From laptops and smart TVs to smartphones and e-classes on giant screens, devices surround us. And we have virtually become their slaves.
The National Family Health Survey 2019-2021 revealed that Indians are losing interest in reading newspapers, listening to the radio or going to cinemas. The survey found that only 32 percent men and 14 percent women who were surveyed read a magazine or newspaper at least once a week.
One of the main reasons for this loss of interest in conventional media is the access to news on the internet almost instantly and at any time of the day. The NHFS-5 report found that internet usage in the country has increased more than four-fold, from 10.9 percent in 2014-15 to 48.8 percent in 2019-21. (1) (2)
Bhaskar Singh, 34, general manager at Maruti Suzuki, spends 9-10 hours every day on his computer. After continuously experiencing blurry vision, he visited his eye doctor. The first question from the doctor was about the time he spent on the cell phone and computer.
The last few years have seen new kinds of disorders and syndromes such as the digital eye strain, also referred to as computer vision syndrome.
The Microsoft Work Trend Index 2021 reveals that the intensity of the people’s work on digital screens has increased substantially. Microsoft Teams meetings alone have seen a 2.5-fold increase globally. The report also says the average team meeting is up from 35 minutes in 2020 to 45 minutes. (3)
According to a study done in Japan, those who used digital screens for more than four hours per day had severe symptoms of dry eyes, a common sign of digital eye strain. (4)
Dr Piyush Tewari, ophthalmologist, Tewari Eye Centre, Noida, says individuals experience different kinds of vision problems with prolonged digital screen use.
What causes the strain?
Dr Tewari says computer screens or your smartphones make your eyes work harder. The smaller fonts on the devices, along with reflections and glares make the viewing difficult. The eyes are strained after continuously looking at digital devices because people tend to blink less when using computer or phone. And blinking moistens the eyes.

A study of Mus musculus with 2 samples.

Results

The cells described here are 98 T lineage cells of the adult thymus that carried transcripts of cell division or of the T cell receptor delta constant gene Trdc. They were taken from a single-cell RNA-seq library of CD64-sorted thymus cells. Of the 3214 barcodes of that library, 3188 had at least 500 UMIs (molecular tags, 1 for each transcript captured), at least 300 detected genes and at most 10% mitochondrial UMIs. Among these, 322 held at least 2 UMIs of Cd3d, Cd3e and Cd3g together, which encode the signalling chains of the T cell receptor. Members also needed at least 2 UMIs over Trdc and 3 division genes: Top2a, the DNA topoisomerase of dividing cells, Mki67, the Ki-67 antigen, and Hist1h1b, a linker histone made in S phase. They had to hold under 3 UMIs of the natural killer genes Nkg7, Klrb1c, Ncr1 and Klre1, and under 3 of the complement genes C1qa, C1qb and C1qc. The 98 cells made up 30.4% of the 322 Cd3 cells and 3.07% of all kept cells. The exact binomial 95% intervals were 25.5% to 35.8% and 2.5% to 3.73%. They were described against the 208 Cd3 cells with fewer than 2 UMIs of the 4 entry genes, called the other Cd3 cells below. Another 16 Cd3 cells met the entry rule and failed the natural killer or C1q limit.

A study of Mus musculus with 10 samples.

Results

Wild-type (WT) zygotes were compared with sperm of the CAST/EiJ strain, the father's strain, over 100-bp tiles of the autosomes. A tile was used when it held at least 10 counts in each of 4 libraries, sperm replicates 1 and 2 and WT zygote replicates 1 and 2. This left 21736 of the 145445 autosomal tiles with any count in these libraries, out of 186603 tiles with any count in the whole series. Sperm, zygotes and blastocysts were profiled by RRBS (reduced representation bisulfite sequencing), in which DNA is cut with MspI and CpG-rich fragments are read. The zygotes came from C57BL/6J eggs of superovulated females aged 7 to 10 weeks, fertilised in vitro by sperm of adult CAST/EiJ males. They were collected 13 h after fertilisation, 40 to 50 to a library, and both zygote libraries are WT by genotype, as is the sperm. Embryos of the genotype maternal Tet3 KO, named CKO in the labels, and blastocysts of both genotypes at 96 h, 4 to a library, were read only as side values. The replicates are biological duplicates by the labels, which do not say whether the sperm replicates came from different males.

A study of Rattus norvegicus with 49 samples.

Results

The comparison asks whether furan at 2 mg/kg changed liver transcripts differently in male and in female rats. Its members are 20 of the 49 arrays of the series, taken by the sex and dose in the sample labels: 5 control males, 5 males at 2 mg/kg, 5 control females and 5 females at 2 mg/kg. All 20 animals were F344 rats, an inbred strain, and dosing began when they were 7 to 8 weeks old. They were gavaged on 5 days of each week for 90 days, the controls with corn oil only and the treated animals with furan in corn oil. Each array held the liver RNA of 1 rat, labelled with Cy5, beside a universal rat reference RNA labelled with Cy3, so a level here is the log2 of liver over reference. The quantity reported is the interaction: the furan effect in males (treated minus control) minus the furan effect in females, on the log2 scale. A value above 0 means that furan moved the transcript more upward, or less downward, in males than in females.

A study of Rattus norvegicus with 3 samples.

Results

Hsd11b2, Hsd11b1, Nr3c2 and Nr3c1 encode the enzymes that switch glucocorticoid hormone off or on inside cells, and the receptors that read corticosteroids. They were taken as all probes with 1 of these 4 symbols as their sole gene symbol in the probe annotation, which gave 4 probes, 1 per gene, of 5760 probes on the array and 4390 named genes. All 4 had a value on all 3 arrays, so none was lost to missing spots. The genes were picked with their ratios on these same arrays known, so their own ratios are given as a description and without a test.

Another reason is that the ideal distance or angles to view the device is not followed. “The ideal distance between your eyes and the computer screen should be 16-30 inches,” he says.
Symptoms of CVS
- Dry eyes
- Eye strain
- Blurred vision
- Poor lighting
- Glare on the screen
- Poor seating position
- Improper viewing distance
Dr Tewari points out that the symptoms are temporary and can fade away after stopping or limiting use of digital devices. Some people may experience the symptoms even after reducing screen time and they need to see their eye doctor for further diagnosis.
As with other eye conditions, CVS can be detected with a detailed eye examination.
A visual sharpness test helps to determine the extent of effects on vision.
Refraction test determines the lenses required to correct the vision.
Eyes focus test is done to determine the movement of the eyes and find out if the eyes work in unison.
Dr. Tewari says, “First and foremost, you’ll have to stop or reduce your screentime. That will solve half of your problems.” Singh was advised to use anti-glare glasses and has been trying to reduce his screen time so as not to further harm his eyes.
However, if you are not able avoid the screen, here are a few things you can do instead, the eye specialist recommends.
Lubricate your eyes – Using lubricating eye drops 3-4 times a day will keep the eyes moist.
Adequate lighting – Keep the screen adequately bright, but neither too dark nor too bright.
Big text font size – A conveniently large font size gives less strain to the eyes.
Frequent blinking – Blinking is another way to keep the eyes moist. It will distribute fresh tears in the eyes,
No contact lenses – Contact lenses dry up the eyes if worn for a long period. If your job requires you to work on a computer, then opt for eyeglasses instead of contact lenses.
20-20-20 rule – This prescription asks to look at an object 20 feet away for 20 seconds once in 20 minutes. You can read more about its benefits here. The 20-20-20 rule and how it reduces eye strain
Set your screen right – Dr Tewari suggests using screens with high `refresh rates’ (75hz and above) if you are working for more than eight hours a day. Keep your computer screen 16-20 degrees below your eye level. Also, use the right table and chair while working on the computer, placing it 20 inches away from the screen.